Why Do Racehorses Train The Way They Do?

by Christina Lee

For simplicity, this segment will focus on a few training terms — walk, tack walk, jog, gallop and breeze all pertain to the physical activity of the horse in “training.” These terms are used every day, from the first light of day when horses head out to go through their daily routines, to trainers outlining a strategy, handicappers when analyzing races and even post-race interviews and explanations of how races unfolded.

For example, we sometimes hear things like, “We backed him off and jogged him after his last race,” or, “He’s just come back and is tack walking,” or, “We galloped him up to the race,” and even, “We loved his last work, so we thought he would fit here.”

But what the heck does it all mean?

To start, these terms are definitions of a horse’s “gait.” A “gait” describes the biomechanical action of a horse’s travel across the ground. Humans, or bipeds, generally have a two-beat “gait” while quadrupeds, or four-legged animals, have any number of gaits and a corresponding speed for each one, which refers to the number of footfalls heard upon the ground.

Texas Red Horse

Texas Red walking outside the barn.
Photo: Lee Michaels

Walk – a four-beat gait and the slowest which requires least exertion. It is often a “recovery” gait. Generally, a racehorse walks a few days after a race or often after a “breeze.” You may hear someone say, “he walked the shedrow,” or, “he will walk a few days,” which means he will use the least amount of energy.

Tack Walk – a training term that means the horse walks with a saddle and rider on its back. Often this is used to keep the pattern of a rider on the horse, without too much exertion from the horse. Horses may be “tack walked” when coming back into a training barn or when the trainer gives the horse an easy day.

Jog – The jog or trot is a two-beat gait, meaning a horse’s one fore front and his off rear hind

Nyquist Kentucky Derby 2016

Reddam Racing’s Nyquist jogs the wrong way (clockwise) at Churchill downs under exercise rider Jonny Garcia. Photo: Coady Photography

strike the ground simultaneously. The sound creates a “one, two” beat as each diagonal pair of legs touches the earth. This is faster than a walk, yet does not require much more exertion. On the racetrack many horses “jog” clockwise or “the wrong way” on the outside rail to warm up before galloping, or simply have a “jog” day.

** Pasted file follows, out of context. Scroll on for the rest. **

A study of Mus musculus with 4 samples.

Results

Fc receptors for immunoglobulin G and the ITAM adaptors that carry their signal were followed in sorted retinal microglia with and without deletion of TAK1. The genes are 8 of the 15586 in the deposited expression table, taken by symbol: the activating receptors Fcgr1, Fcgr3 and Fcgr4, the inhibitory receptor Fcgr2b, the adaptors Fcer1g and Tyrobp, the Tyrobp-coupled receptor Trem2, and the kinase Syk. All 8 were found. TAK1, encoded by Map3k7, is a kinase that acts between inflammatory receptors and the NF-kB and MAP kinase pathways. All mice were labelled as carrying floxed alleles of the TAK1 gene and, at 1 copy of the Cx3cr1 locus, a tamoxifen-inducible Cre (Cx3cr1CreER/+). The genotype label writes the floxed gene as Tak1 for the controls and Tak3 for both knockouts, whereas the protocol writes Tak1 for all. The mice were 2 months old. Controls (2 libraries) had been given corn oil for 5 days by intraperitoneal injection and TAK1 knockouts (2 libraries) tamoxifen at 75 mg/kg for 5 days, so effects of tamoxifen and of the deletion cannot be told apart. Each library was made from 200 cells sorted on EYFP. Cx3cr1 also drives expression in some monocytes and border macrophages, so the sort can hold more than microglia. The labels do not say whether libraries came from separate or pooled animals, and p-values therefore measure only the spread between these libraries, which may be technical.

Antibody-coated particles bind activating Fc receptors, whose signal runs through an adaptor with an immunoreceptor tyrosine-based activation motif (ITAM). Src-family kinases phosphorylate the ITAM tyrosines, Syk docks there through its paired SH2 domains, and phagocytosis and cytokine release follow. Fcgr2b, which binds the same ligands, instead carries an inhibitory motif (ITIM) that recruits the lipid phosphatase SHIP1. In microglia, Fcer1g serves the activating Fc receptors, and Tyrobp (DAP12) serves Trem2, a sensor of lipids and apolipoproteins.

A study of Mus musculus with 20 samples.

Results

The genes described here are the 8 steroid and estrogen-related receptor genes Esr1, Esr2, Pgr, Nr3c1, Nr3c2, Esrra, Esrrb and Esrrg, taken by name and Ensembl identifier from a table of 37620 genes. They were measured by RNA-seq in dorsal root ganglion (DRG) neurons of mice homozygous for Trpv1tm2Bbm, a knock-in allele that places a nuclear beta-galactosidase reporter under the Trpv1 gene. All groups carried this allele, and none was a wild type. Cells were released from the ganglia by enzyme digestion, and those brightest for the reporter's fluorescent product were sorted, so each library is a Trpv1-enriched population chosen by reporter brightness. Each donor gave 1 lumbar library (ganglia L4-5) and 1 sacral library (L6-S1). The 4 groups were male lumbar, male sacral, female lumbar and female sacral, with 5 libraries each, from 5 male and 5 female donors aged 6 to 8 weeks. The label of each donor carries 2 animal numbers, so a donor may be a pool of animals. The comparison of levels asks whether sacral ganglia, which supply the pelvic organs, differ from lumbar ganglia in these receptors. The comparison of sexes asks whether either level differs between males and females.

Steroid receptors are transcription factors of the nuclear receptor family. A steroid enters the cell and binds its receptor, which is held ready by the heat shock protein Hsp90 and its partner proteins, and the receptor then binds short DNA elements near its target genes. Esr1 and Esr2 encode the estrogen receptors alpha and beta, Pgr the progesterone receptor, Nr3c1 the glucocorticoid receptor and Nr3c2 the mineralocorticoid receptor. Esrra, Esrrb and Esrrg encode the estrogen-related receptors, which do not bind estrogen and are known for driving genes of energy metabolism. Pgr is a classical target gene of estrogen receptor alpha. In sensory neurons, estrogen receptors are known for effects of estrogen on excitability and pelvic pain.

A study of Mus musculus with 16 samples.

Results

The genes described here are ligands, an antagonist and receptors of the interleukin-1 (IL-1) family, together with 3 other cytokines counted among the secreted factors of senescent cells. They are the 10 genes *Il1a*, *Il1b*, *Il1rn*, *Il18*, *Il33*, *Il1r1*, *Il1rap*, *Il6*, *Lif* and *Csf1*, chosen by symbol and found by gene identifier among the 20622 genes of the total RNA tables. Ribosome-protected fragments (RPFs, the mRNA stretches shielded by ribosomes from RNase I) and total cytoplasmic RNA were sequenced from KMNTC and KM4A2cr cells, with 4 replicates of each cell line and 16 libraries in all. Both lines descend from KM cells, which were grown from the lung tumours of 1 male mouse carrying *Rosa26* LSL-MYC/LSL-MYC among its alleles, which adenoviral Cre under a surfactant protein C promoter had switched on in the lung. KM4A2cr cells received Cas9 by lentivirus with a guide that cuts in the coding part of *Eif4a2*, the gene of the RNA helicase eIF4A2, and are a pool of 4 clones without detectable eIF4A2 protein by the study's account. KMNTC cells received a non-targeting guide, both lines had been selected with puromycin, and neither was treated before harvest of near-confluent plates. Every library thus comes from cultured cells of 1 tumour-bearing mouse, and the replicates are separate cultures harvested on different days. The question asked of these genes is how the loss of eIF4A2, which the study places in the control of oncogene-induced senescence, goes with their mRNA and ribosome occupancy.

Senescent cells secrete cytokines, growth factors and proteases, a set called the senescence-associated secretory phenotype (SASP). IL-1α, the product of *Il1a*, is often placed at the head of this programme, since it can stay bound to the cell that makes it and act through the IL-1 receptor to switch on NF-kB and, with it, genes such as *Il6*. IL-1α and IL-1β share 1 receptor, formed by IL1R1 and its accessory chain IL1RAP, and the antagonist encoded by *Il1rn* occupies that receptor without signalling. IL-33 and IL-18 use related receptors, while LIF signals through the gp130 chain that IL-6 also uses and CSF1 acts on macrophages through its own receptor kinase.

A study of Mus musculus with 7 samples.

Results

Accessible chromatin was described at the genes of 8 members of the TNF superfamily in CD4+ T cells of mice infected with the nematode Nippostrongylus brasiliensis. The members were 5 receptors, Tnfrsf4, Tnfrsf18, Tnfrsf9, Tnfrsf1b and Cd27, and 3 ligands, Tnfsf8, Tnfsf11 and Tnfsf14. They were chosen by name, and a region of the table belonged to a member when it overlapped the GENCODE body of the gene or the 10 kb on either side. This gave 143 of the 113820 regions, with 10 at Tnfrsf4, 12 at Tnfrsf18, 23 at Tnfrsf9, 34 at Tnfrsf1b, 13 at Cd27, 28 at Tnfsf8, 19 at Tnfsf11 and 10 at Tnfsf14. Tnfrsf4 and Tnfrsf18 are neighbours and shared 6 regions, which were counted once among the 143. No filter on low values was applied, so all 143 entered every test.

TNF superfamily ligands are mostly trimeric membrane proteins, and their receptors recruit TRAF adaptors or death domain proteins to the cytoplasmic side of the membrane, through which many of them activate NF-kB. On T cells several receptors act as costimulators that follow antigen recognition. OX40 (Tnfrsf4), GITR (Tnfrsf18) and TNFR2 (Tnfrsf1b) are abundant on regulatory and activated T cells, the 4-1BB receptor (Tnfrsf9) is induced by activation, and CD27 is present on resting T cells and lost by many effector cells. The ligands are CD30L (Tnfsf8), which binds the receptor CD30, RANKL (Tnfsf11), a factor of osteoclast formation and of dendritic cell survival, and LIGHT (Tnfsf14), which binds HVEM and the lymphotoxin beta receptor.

There are several variations of the “jog or trot” that occur in horses of all breeds, disciplines and also in racing. For American flat racing the “jog” is the most common term referring to this type of exercise.

Gallop – the fastest gait or pace of the horse. This is the primary training pace used in Thoroughbred race training. In this gait, all four legs will have a period of suspension off the ground, and a period where all of the weight of the horse is on one leg at a time, making it a four-beat gate. The way the horses’ legs and individual biomechanics is what gives the horse his length of stride in this pace. The gallop can be fast or slow. In European race training, the term “canter” is commonly used as the similar training term. The terms “canter and lope” may also refer to a slow three-beat gait or pace.

Justify galloping 4/18/18. Photo: Jim Safford

Workout/Breeze – In general, a “work” or “breeze” refers to the horse being asked to go a much faster “gallop” pace for a recorded time. The actual gait of the horse is still a three-beat gait but at a much faster rate of speed than the regular training “gallop.” Generally once a Thoroughbred begins “speed work” they will “work” every five to six days, depending on the trainers’ schedule and goals for the horse and, of course, the horse’s well-being.

Although trainers may interchange the terms “work” or “breeze” to describe the exercise a horse does, workouts also have a technical differentiation when officially recorded. The “works” for a horse are always printed at the bottom of a horse’s past performance lines. The distance and the time are recorded at racetracks and some training centers in the US. Recorded workouts for a horse at all officially recognized racetracks and training centers may also be found on websites such as Equibase.com and Daily Racing Form.

Arrogate, with Martin Garcia aboard, works a mile in 1:38 2/5 at Santa Anita Park, 2-27-17. Photo: Jim Safford

Clockers differentiate recorded works with a little “H” or “B” after the recorded time. And what is the difference between an “H” and a “B” after the workout times, you ask?

Dane Nelson, official Santa Anita clocker and timer, explains, “an ‘H’ means

‘Handily’ which is a horse who is being asked or urged (by the rider) to finish (the work). A “B” means ‘Breezing’, which is a horse that is in the bridle and finishes the work without any urging from the rider.”

Outside of California, however, these terms mean the opposite. Horses who work easily and without asking receive a “handily” notification for a workout, while horses who are urged and working receive a “breezing” tag.